Intentional Teaching with Accessible Media
By Jade Cox
As educators, we are driven by local, state, and national mandates, but we really only have one goal: to be an effective teacher that positively impacts student learning. Then comes the question: How do we accomplish our goal? Well from an instructional standpoint, we develop our unit plans, curriculum maps, weekly and daily lessons, and do not forget the reading of the curriculum or standard course of study all while keeping instruction innovative in order to maintain student interest. We become deliberate and intentional about our approach to teaching through the integrated use of technology and media.
Intentional teachers are backwards planners; they are consciously aware of the outcomes that students must master and plan accordingly. Furthermore, intentional teachers make instructional decisions that move their students to the intended mastery of content and end goals. They develop tasks that will engage students and actively move them toward content mastery. The 21st Century Intentional Teacher must also make decisions about the deliberate integration of media as an essential instructional tool.
Benefits of Media Integration
While the use of media in the classroom is not a new concept, the technological advances and increased emphasis of critical thinking skills and media literacy have given birth to a re-definition of the importance of media usage. The push for educating students who are college and career ready for the 21st Century has provided opportunities to effectively implement media into the classroom.
The use of media in the classroom is no longer just passive viewing and/or listening. Yeah, as a student, it was nice to read The Great Gatsby and then have two "free" days of watching the movie. Now media in the classroom is to "promote serious inquiry and analysis" of content at any given grade level (Media Literacy). Today teachers have a great opportunity to select, preview, and evaluate an endless array of educational titles in which they develop tasks that enable student success.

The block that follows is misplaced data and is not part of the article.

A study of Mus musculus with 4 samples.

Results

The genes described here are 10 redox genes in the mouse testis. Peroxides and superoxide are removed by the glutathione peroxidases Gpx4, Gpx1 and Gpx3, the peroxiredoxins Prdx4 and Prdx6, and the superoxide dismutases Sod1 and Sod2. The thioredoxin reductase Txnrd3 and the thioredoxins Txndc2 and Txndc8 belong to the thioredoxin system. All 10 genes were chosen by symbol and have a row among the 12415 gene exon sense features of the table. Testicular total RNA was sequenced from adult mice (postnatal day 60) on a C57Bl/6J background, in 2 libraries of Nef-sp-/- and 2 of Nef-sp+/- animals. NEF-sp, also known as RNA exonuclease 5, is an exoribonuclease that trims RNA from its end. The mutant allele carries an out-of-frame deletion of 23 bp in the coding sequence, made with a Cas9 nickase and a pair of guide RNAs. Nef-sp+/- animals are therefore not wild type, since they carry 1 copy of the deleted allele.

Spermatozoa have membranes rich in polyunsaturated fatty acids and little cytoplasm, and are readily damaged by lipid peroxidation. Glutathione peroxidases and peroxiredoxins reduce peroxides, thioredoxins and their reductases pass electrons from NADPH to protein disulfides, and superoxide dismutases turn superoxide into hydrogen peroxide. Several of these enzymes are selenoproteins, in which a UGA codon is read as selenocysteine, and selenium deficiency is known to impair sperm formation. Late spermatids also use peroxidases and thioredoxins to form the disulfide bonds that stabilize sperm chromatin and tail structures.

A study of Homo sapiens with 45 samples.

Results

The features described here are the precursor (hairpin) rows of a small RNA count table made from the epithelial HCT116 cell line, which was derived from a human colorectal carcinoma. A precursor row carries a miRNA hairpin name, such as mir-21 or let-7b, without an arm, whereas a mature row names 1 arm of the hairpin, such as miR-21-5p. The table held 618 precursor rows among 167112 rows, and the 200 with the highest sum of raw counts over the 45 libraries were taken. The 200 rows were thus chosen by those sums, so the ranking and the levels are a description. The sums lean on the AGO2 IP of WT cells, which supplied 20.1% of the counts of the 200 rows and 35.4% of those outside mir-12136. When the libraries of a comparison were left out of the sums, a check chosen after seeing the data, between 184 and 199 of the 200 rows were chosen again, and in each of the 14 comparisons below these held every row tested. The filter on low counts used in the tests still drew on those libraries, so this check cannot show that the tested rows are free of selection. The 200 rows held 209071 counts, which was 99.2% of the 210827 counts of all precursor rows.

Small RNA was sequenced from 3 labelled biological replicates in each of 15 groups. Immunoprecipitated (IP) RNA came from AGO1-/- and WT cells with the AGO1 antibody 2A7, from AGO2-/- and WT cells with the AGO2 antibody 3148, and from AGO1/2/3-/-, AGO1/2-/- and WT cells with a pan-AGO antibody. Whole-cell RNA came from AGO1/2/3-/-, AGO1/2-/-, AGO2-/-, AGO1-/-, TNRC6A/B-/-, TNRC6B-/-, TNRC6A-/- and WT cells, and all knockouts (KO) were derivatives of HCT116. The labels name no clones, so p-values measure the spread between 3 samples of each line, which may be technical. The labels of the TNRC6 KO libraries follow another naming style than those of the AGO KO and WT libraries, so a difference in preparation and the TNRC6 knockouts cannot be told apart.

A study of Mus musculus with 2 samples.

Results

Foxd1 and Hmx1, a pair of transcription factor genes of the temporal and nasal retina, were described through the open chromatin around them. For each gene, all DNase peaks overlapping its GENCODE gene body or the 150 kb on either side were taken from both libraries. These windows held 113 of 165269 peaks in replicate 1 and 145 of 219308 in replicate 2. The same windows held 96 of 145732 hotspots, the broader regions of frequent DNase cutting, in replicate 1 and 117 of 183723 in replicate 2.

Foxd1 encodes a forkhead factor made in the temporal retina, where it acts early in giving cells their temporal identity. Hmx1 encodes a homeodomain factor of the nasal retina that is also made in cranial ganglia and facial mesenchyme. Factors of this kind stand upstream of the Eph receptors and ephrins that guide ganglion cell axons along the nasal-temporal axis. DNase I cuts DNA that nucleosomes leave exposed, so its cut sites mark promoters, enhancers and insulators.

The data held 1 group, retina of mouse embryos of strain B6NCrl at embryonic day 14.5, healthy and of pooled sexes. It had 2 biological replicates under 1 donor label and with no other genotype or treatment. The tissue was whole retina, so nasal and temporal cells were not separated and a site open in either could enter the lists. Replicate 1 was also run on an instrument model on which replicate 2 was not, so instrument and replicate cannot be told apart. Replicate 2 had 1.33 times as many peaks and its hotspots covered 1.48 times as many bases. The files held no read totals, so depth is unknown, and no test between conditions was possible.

Media is a type of time machine that has the ability to transport students to different historical events, science labs, or imaginative worlds of authors while exciting the senses and providing expanded perspectives and experiences. And these benefits also apply to students who have a sensory disability, if media is made accessible.
Accessible media provides equal benefits to deaf, blind, and deaf-blind students. Described and captioned media is the intentional teacher's tool for inclusion, promotion, and advocacy for students with sensory disabilities. Additionally, accessible media ensures that these students have equal opportunity and equal access to information.
An intentional teacher is aware of the individual abilities and learning styles of each student, and accessible media is an avenue for teachers to meet the specific needs of deaf, blind, and deaf-blind students. The described and captioned media title provides critical access to content and enables deaf, blind, and deaf-blind students to actively engage with the community of the classroom. Teachers who incorporate appropriate accessible media titles based on intended student outcomes have at their disposal an arsenal of innovation and creativity in the classroom—called the Described and Captioned Media Program (DCMP).
As part of our mission, we at the DCMP recognize and embrace the positive impacts that thoughtfully integrated media can have on student content mastery. Our free library loan system enables educators as well as home school parents to utilize described and captioned media titles that are curricular aligned to local, state, and national standards for grades Pre-K to 12 across all contents. We also provide a clearinghouse of information related to educational media access and a gateway to Internet resources related to accessibility.
About the Author
Jade Cox serves as the Educational Specialist at DCMP and has eight years of experience as an educator. Please feel free to contact her at firstname.lastname@example.org regarding titles in our catalog or the media selection process.